UCC Led Project Hopes To Replace Oil With Yeast In The Production Of Fuels And Plastics

Scientists at University College Cork are leading a €6.3 million EU funded project that could see yeast replace oil in the production of aviation oil, plastics, cosmetic products, and might even lead to the creation of new kinds of beer.

Dr John Morrissey, project coordinator and senior lecturer in UCC’s School of Microbiology, envisions a future where all of our products will be developed efficiently from natural renewable sources – yeast being the unsung hero of this futuristic production line.

Yeast is already used in the production of many food flavourings, the anti-aging compound Resveratrol, the malaria drug Artemisinin, the grapefruit extract Nootkatone, insulin, bioethanol, bioplastics, and there is potential for many more industrial applications.

In an interview published in the Irish Times, Morrissey described how yeast can be used in a wide range of products provided they can be re-programmed.

In order to do this, Morrissey will lead a team of scientists from Switzerland, Germany, Sweden, The Netherlands and France in applying a mixture of engineering and mathematical principles to the biology of several yeast species so that the cell metabolism creates valuable compounds (instead of alcohol and CO2).

Credit: John Sheehan

UCC Academy supported the writing and managing of the funding proposal that was ranked third out of 80 submissions – five of which were awarded funding from the EU.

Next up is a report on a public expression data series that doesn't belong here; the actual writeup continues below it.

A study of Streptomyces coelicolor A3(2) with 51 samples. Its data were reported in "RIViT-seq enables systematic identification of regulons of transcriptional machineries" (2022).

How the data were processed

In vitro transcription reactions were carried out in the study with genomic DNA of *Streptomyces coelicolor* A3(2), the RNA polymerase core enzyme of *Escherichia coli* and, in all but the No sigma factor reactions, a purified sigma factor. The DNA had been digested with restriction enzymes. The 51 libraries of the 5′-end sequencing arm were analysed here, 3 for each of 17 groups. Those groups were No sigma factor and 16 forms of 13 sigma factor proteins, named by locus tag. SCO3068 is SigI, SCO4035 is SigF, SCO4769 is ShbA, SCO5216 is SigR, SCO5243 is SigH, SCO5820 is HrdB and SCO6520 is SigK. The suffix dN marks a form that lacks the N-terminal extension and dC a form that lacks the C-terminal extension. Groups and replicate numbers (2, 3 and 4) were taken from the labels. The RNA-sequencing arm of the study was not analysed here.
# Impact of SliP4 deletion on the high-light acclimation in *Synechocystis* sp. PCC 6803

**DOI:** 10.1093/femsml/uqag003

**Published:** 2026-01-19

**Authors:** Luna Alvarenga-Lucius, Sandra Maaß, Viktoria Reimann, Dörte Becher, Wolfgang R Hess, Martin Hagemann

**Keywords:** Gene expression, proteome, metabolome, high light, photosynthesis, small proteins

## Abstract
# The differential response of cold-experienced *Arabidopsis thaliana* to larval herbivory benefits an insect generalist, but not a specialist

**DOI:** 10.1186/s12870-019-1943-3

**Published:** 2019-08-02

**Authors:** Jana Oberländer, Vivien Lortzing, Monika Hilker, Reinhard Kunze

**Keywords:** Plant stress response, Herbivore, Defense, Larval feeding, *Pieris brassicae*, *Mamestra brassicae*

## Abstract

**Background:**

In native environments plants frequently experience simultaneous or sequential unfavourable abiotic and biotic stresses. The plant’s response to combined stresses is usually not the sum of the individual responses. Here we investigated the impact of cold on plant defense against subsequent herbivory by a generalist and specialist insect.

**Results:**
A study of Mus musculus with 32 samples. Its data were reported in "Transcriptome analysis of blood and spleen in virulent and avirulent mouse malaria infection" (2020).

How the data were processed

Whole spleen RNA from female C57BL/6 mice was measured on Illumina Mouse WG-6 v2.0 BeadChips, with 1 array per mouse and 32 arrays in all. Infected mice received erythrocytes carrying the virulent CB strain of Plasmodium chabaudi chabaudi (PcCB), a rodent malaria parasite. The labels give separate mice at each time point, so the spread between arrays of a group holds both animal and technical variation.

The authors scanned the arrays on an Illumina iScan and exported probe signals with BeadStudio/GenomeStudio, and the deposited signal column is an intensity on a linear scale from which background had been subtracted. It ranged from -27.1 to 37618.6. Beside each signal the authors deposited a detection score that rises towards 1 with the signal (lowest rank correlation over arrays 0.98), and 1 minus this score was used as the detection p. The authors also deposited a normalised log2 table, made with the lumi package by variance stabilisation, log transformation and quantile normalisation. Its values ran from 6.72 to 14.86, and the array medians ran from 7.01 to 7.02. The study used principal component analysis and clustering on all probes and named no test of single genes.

The Academy’s Aoife Corcoran assisted writing the original proposal, and subsequent to the awarding of the multi-million Euro grant, Lucy Taylor will manage administrative and communication aspects of the project during its four year lifespan.

The interdisciplinary nature of the proposal, alongside the wide range of potential applications, would have helped sway the decision of the international judges.

Dr Sergio Fernandez-Ceballos of Enterprise Ireland says this project is ‘…an example of how biotech can achieve spectacular progress as an enabling technology to drive long-term growth and jobs across various economic sectors.’

Although society is often sceptical this kind of science, the CHASSY project is a great example of synthetic biology benefitting society in an entirely safe way.

Indeed, the potential is massive, with the industrial biotechnology sector directly responsible for 94,000 full-time jobs in Europe and generates approximately €31 billion annually.